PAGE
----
Jodi Huisentruit was a TV anchor for KIMT in Mason City, Iowa, in the mid-90s. She mysteriously vanished from outside her apartment one morning after telling a coworker she’d overslept. Huisentruit’s disappearance is one of the strangest missing person cases in recent history, as there is essentially zero physical evidence in the case.
Jodi Huisentruit was born in Long Prairie, Minnesota, on June 5, 1968. She was the youngest of her siblings and was an avid golfer during her high school years. Her high school team won state championships in 1985 and 1986, impressing her coaches and other schools alike. She went on to attend St. Cloud University and obtained a bachelor’s degree in mass communications.
Huisentruit bounced around between local TV stations in Iowa after college, eventually settling in Mason City. She became an anchor on the morning news show for KIMT, becoming a local celebrity. She was known for her cheerful disposition and charming personality.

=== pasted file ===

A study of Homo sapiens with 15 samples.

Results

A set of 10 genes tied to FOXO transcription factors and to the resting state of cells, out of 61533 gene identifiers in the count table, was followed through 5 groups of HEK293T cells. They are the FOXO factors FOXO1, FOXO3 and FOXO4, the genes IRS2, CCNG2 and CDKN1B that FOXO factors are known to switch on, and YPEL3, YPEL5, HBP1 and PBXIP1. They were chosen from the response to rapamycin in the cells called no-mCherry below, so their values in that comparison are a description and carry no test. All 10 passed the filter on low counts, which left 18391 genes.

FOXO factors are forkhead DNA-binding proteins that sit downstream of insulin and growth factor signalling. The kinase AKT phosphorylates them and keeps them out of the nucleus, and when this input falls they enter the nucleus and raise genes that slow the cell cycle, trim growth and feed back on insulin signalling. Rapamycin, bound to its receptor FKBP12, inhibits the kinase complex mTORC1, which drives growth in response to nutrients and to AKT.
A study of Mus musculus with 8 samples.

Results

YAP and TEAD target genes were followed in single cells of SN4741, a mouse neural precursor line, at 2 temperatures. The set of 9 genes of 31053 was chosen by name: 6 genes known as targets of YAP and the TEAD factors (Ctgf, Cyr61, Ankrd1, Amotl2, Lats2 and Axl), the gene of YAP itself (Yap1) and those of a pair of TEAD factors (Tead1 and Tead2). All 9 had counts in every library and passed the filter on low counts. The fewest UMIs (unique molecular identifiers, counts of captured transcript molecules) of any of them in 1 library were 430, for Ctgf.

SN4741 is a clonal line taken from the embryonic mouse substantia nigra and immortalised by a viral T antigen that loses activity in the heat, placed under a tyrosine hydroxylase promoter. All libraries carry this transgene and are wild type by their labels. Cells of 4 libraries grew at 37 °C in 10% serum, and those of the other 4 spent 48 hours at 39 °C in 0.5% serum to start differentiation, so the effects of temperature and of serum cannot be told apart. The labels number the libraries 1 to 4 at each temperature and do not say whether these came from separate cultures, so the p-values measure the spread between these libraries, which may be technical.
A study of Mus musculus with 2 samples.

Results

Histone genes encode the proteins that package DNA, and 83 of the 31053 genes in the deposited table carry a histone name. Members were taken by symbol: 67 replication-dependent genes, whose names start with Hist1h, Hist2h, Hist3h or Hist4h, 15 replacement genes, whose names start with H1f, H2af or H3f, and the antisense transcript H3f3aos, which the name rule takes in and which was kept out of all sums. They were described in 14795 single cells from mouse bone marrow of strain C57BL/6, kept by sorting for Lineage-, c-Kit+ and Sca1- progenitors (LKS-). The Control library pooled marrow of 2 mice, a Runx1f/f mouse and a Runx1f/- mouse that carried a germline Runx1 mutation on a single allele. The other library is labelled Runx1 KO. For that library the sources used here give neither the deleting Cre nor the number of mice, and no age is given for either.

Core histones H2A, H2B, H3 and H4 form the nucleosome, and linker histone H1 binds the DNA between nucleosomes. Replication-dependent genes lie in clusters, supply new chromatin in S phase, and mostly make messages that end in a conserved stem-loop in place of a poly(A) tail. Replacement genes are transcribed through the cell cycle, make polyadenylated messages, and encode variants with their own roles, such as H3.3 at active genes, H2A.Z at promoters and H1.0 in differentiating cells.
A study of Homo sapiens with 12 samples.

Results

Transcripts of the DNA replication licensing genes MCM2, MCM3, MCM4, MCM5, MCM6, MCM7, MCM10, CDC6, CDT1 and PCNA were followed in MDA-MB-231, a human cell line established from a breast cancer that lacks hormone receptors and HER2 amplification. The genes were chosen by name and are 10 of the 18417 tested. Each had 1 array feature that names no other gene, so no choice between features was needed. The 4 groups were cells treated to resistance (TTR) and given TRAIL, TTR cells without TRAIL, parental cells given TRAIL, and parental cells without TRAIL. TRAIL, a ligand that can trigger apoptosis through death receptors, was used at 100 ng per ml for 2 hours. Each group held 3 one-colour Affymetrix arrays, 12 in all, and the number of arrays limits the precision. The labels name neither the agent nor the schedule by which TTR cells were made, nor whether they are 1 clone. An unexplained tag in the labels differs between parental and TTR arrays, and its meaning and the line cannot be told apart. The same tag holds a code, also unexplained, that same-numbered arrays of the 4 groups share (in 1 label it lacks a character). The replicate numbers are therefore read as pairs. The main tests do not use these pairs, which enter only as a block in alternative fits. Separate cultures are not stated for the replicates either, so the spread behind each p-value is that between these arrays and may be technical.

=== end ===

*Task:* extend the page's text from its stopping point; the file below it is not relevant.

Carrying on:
On June 27, 1995, Huisentruit’s coworker, morning show producer Amy Kuns, noticed that the anchor was late for work. She called Huisentruit’s apartment, and the 27-year-old told her producer that she’d overslept. Huisentruit explained that she was preparing to leave immediately and apologized for being late to work.
Two hours later, Jodi was still nowhere to be found. Amy Kuns took her spot on the morning show that morning, though she was worried about her coworker. After the show wrapped at 7:00, Kuns contacted the authorities and reported Huisentruit missing.
The police saw clear signs of a struggle in the parking lot in front of Huisentruit’s apartment. The key to her red Mazda Miata was found discarded near the car, visibly bent. Investigators found a palm print on the Miata but were unable to identify who left it.
Some of Huisentruit’s neighbors reported hearing screams early that morning. One even told the police that they saw a white van idling in the parking lot near Huisentruit’s car, but was unable to give authorities the license plate number.
Despite an extensive search, police have never identified a suspect in the case or found any evidence of Huisentruit’s whereabouts or ultimate fate. She was declared legally dead in 2001, but the investigation remains open.
Some online true crime enthusiasts have suggested that the Huisentruit case might have been covered up by the Mason City police department. Former state representative John Kooiker also shared this view in a 2016 interview with The N’West Iowa Review.
Huisentruit’s disappearance remains unsolved. The public may never know what happened to her that summer morning in 1995.